Brad Rock: Free agent sweepstakes won't include Utah Jazz
SALT LAKE CITY — The free agent feeding frenzy begins tonight at 10 (MT), and it should be quite the smorgasbord of expensive dishes. Step up to the table and make your choice. There's wagyu beef (Dwyane Wade) and matsutake mushrooms (Chris Bosh). Or you might consider the rare blue lobster (Dirk Nowitzki).
Don't forget the most expensive item of all, Almas caviar (LeBron James).
Are you drooling yet?
Among the free agent side dishes: Amare Stoudemire, Joe Johnson, Tracy McGrady and Paul Pierce.
Not that this has much to do with the Jazz. They're over the salary cap and on a peanut butter budget. Their hope is to retain Carlos Boozer, but even then it would have to be at a discounted rate. As if. Boozer is the guy who guaranteed he'd get a raise when he became a free agent.
But even if the Jazz did have cap room, they wouldn't get a superstar. On a national scale, they just don't sizzle. If you're a top free agent, you want to play where it's hot, literally or figuratively: New York, Chicago, Miami, New York, Los Angeles, Boston. The biggest free agent the Jazz ever signed — besides their own — was Boozer, who produced nice numbers but has missed 138 games.
The list of free agents who rejected Utah is significant: Derek Harper, LaPhonso Ellis, Mario Elie and Sam Perkins among them. Top free agents like Shaquille O'Neal and Kevin Garnett never did consider Utah. A Sports Illustrated poll among players in 2006 listed Utah as the least desirable destination in the league, by a wide margin. Twenty-seven percent apparently considered it a cross between Siberia and water torture. That won't change, no matter how much money the Jazz have. They'll have far more cap space after Andrei Kirilenko is off the books in 2011, but that doesn't mean any dominant player will come here.
The prevailing thought — but only occasionally admitted — is that even if it means earning an extra few million bucks, playing in Utah also means living in Utah.
It's not like the place has nothing to offer. For instance, skiing, though it's safe to say King James didn't get in much skiing while growing up in Akron. Utah also has Delicate Arch, which would make a dandy backdrop for a poster of James dunking.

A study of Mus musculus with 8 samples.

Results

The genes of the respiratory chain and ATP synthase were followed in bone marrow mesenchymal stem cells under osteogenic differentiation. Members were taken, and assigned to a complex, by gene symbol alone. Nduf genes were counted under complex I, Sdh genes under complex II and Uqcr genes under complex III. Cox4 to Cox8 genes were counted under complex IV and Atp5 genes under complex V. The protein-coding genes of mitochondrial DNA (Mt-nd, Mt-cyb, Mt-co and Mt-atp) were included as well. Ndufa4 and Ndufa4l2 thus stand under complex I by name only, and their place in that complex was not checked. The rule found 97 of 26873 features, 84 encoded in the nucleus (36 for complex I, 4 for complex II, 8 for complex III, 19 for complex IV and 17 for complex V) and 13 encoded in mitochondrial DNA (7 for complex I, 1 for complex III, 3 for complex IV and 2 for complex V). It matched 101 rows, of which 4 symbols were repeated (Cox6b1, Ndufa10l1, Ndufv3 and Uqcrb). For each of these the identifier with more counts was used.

The state produces a ton of "American Idol" and "So You Think You Can Dance" contestants, whatever that means. It has a Hall of Fame coach, who can take you on a tractor ride, too.
Free agents who come here can see an Olympic park and visit a big hole called Kennecott copper mine.
Plus, those new luxury condos downtown should make a fine place to live.
Nevertheless, don't expect anyone truly big to ever come here as a free agent. As a player destination, Salt Lake doesn't stir the imagination. But Utah isn't alone in this dilemma. Free agents don't often want to go to Milwaukee, Indiana, Memphis, Toronto or Sacramento, either.
Frankly, there aren't many giant free agent transactions, anyway. Top players usually re-sign or opt-in with their own team. Shaquille O'Neal's move from Orlando to L.A. was epic, and Steve Nash's switch from Dallas to Phoenix worked out wonderfully. Kevin Garnett's change from Minnesota to Boston certainly made sense. But for every successful free agent move, there are more that didn't take flight: Elton Brand, Darius Miles, Ben Wallace, Jermaine O'Neal, Vin Baker and Jim McIlvane, to name a few.
None of this has much to do with the Jazz, who this year will be happy just to re-sign restricted free agents Wesley Matthews and Kyrylo Fesenko. Keeping Boozer will be nearly impossible, as he can demand far more than the seven figures (per year) the Jazz can offer. Which means they'll just have to do things the hard way — through drafting, trades and development.
Salt Lake is a nice place to live, if you like the mountains. But not everyone likes mountains — or Jerry Sloan's rants. Good basketball is a constant in Utah, but flashy deals and championships?
This is more of a meat and potatoes place.